Update: River walk postponed
UPDATE: THE ANNUAL RIVER WALK HAS BEEN POSTPONED UNTIL FURTHER NOTICE DUE TO THE RIVER’S RISING.
Shepherdstown residents looking to escape the summer heat will have the opportunity to wade knee deep in the waters of the Potomac River as the town holds its 8th annual river walk.
On Sunday, Sept. 11, as many as 70 people will make their way across the Potomac River on foot. After the walk there will be a town picnic at the river landing.
The river walk was originally started by former Shepherdstown mayor, Peter Wilson in 2003. In previous years there has been a C&O Canal interpreter as well as Civil War lessons; however, this year the event is almost exclusively about the walk and picnic, according to one of the event’s organizers, Jay Hurley.
The river walk was born out of a desire to teach town residents the importance of the Potomac River and C&O Canal’s history in Shepherdstown. On the way down River Road, Hurley will give a brief history of landmarks as well as tell the story of the river’s importance in the Civil War.
Walkers will meet at McMurran Hall on South King Street at noon. Hurley, who is also proprietor of O’Hurley’s General Store, asked that everyone who plans to walk or join the festivities afterwards bring food for the picnic.
At 1 p.m., walkers will make their way to the river landing. Hurley estimates that it will take approximately one hour to get everyone across the river. According to Hurley, some people make it across the river quickly while others need a bit more time. Event organizers focus primarily on getting everybody across safely.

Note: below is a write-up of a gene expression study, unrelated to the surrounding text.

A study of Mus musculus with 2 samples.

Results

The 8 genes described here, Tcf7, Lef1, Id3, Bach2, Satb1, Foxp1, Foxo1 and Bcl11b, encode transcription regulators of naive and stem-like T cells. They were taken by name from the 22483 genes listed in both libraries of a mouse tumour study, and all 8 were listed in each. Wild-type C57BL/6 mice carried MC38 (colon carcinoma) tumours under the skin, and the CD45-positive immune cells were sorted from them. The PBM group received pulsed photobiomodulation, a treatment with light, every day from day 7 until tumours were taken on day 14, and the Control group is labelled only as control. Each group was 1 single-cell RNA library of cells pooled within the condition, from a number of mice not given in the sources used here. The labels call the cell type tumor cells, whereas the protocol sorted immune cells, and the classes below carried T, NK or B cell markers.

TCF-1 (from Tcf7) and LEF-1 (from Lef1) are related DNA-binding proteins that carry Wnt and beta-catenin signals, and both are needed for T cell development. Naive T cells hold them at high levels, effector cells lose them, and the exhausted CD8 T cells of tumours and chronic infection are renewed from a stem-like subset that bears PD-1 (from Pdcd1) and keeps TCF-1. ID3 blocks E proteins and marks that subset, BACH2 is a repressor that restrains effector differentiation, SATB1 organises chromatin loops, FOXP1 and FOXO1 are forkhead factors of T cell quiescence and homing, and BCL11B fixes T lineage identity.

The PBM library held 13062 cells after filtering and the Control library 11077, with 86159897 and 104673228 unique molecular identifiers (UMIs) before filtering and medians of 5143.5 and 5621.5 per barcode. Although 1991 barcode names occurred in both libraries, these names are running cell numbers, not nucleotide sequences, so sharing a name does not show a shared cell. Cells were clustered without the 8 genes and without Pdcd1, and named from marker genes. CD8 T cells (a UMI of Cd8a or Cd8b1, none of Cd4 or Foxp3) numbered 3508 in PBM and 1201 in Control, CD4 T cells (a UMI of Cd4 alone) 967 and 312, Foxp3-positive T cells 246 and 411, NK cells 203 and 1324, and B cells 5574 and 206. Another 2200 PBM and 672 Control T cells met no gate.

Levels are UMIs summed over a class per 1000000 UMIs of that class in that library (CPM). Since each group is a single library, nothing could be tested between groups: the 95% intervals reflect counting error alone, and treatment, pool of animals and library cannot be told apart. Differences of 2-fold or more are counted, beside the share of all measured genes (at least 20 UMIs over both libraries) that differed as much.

“The worst thing that could happen would have someone slipping and falling into the river. So far, though, nobody has ever been hurt,” Hurley said.
Across the river, on the Maryland side, will be another event organizer, Dave Springer. Springer will guide walkers across with a rope. Once they make it to the other side, Springer said the walkers will hike for about a mile or two before making it back for the picnic.
Also guiding walkers across the river will be a flotilla of boats which will carry people back over the river to the picnic. According to Hurley, in years past the boats that have been used have been incredibly diverse. From simple row boats to 32-foot schooners, the boats prove to be an interesting part of the event all on their own.
Hurley said that individuals do not have to be a walker to participate in the festivities. Those who simply wish to join in for the picnic can meet up at the river landing at the end of Princess Street at approximately 3 p.m. The picnic is expected to run through 4:30.
Hurley is convinced that almost anybody can make the trip across the river.
“We’ve had 80-year-old ladies cross before,” Hurley said.
He does, however, recommend that walkers wear waterproof shoes and bring a walking stick to help hold themselves up. Hurley also said that some people probably would want to bring a change of clothes if they do not want to be wet for the picnic.
Hurley hopes to bring in some new people to walk this year. By his rough estimate, he said about 70 percent are repeat walkers. He also stressed that the river walk was something that everyone from Shepherdstown should enjoy.
“There is no sponsor; this is an informal community event,” Hurley said.